Clerine Checkered Beetle
Suborder: Polyphaga. Series: Cucujiformia. Superfamily: Cleroidea. Family: Cleridae. Subfamily: Clerinae
Kruger National Park, Balule
Cleridae are a family of beetles of the superfamily Cleroidea. They are commonly known as checkered beetles. The Cleridae family has a worldwide distribution, and a variety of habitats and feeding preferences. Cleridae have a large number of niches and feeding habits. Adults are found on flowers, foliage of woody plants and tree trunks, and are sometimes attracted to lights. Most genera are predaceous and feed on other beetles and larvae; however other genera are scavengers or feed on pollen and bectar.
Female Cleridae lay between 28–42 eggs at a time predominately under the bark of trees. Larvae are predaceous and feed vigorously before pupation and subsequently emergence as adults. The slender, cylindrical larvae, some of which are brightly coloured, commonly occur in dead wood. They prey on larvae of wood-boring beetles and grasshopper egg pods, or parasitize bees and wasps. Others feed on stored animal products or carrion.
Clerids have elongated slightly flattened and parallel-sided bodies with large heads and bristly hairs, are usually bright colored, and have variable antennae. Checkered beetles range in length between 3 and 24 mm. Most are brightly coloured, some banded brown, black and white. The antennae are clubbed at the tip for most species, but others can be serratae. The pronotum region is nearly cylindrical and characteristically narrower than the elytra (special hardened front wings), while the head is as wide or wider than the pronotum. Their elytra have tiny pits or depressions, and never expose more than two tergites (dorsal plates).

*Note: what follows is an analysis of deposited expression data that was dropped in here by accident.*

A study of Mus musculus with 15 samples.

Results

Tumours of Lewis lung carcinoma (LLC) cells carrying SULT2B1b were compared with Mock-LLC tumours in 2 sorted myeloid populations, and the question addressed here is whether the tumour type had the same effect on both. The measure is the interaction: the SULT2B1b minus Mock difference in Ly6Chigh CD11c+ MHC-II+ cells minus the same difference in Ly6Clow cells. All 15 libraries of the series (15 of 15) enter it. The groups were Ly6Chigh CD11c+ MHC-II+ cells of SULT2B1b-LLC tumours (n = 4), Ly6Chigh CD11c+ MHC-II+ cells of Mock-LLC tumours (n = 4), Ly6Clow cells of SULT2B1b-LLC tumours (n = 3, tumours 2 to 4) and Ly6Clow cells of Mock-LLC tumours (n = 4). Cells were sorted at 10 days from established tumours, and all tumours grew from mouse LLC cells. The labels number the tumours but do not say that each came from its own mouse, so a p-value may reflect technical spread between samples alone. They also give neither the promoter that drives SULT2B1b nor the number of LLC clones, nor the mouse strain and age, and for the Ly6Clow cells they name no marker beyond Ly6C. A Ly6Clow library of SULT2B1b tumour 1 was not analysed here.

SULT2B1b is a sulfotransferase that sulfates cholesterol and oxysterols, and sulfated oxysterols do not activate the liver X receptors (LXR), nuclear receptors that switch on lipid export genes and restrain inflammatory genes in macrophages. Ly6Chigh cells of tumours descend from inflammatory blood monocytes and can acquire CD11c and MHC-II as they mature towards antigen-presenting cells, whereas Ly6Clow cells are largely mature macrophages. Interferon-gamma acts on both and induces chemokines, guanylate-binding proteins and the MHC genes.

Their tarsal formula is 5–5–5, meaning that on each of the front, middle and hind legs there are 5 tarsomeres (individual subsegments of the feet/tarsi). One or more of these subsegments on each leg is typically lobed, and the 4th tarsi is normally difficult to distinguigh. Furthermore, an important feature that eliminates many other families of beetles is that Clerids' front coxae (base of the leg) expose the second segment of the legs known as the trochanter.
The second defining characteristic of the Cleridae family is that Clerids never have eversible vesicles (small usually hidden balloon-like structures thought to be scent glands) on their abdomen and pronotum. This characteristic distinguishes them from a similar family Melyridae which sometimes has these glands. This trait is very important in correctly differentiating checkered beetles from Melyridae.